This week’s mail sack question is from David Berner via email:
Question: Quick question on compliance policies for iOS. If I add a second compliance policy and only target a subset of devices, when the second compliance policy is assigned, do the devices ever go into a weird evaluation state that could impact access to resources? Example: using conditional access to check for compliance and want to add a second compliance policy to a subset of devices for a prohibited app. What actually happens when the policy is targeted to those subset of devices? Do they remain compliant until something is flagged which would mark the device non compliant?
Answer: The short answer for David is “No — devices will stay in their current state”, Devices that were “Compliant” before the targeting change will stay that way until they check-in with Intune, receive the latest compliance policies and do the compliant/not-compliant evaluation.
How compliance policy targeting works:
Compliance policy targeting works almost exactly the same as any other type of policy in Intune in that it is check-in based. The high-level process is something like this:
- You change some aspect of targeting in the Intune portal (or AAD by adding members to targeted groups)
- Intune computes policy for a target device
- Device checks-in and asks for the newest policy changes
- Intune marks device as “compliant” or “not compliant” in Intune and Azure AD
If you’ve set up Azure AD Conditional Access policy to “require compliant devices”, Azure AD will look at that attribute and block or allow access to the resources you’ve protected.
When it doesn’t work like that..
It can sometimes get a bit more complex and nuance than that though… the two cases that come to mind are Grace periods and External compliance signals:
- Grace periods: Intune lets you configure compliance grace periods, which means you can give users a set amount of time to resolve issues before marking the device as “not compliant” and locking them out via conditional access. If you’ve configured a grace period, and a device doesn’t meet the criteria in all the new policy that it received during a check-in, it will report as “In grace period” in the compliance reports and then change to “not compliant” if not resolved within the specified number of days.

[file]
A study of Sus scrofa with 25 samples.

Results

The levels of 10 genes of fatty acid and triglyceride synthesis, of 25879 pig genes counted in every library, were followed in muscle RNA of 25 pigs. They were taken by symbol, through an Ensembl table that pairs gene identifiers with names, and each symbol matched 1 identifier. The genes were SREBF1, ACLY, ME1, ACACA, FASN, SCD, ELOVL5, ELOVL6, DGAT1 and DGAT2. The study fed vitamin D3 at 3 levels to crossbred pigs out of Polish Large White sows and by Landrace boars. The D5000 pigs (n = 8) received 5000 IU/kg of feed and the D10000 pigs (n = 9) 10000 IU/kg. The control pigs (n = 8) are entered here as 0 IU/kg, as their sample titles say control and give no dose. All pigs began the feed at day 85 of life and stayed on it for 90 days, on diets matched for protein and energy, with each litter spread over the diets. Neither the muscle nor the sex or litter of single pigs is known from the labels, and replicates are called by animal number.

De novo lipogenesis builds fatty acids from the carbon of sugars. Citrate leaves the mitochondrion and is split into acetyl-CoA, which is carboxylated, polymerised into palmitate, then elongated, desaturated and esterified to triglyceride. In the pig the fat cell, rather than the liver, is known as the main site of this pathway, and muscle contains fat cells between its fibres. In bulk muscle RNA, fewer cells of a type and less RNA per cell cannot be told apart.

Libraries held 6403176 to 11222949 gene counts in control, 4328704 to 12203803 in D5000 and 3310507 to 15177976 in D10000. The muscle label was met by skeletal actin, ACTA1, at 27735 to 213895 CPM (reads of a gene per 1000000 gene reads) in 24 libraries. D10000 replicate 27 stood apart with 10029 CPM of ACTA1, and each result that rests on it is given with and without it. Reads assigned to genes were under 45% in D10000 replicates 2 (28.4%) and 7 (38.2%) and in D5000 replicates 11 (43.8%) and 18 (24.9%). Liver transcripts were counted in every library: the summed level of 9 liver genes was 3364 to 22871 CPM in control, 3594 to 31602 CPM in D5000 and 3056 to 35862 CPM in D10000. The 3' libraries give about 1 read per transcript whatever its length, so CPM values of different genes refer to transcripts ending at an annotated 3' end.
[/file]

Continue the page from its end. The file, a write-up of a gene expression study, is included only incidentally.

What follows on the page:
- External compliance signals: Intune lets you wire up external systems to help calculate device compliance, completely outside the check-in process. For example, Windows “Device Health” compliance settings are wired up to the Windows Device Health Attestation service to report in Bitlocker, Secure boot and code integrity status for a device, Mobile devices can be wired to 3rd party Mobile Threat Detection (MTD) services to provide a “Device threat level” signal into the mix, or you can connect Intune to one of many 3rd party MDM partners (JAMF, VMWare etc) to be completely responsible for device compliance, just sending the “compliant/non compliant” signal to Intune. In all of those cases, there is some overall compliance calculation happening in the background while devices are not actively checking in with Intune.
This was a short and sweet post answering the “What the heck is going to happen?” fear that most of us have when working with large changes in production environments. I cleared up some of that fear by explaining that device compliance will only change once the device has checked in, got the new policy and reported back a new state and added a few details on scenarios where this could work differently.
Hope this information to helps bolster your understanding of Intune and compliance targeting but please TEST, TEST, TEST, before doing any big changes in production that could have unwanted impact, such as blocking access to corporate resources based on an unexpected compliance calculation.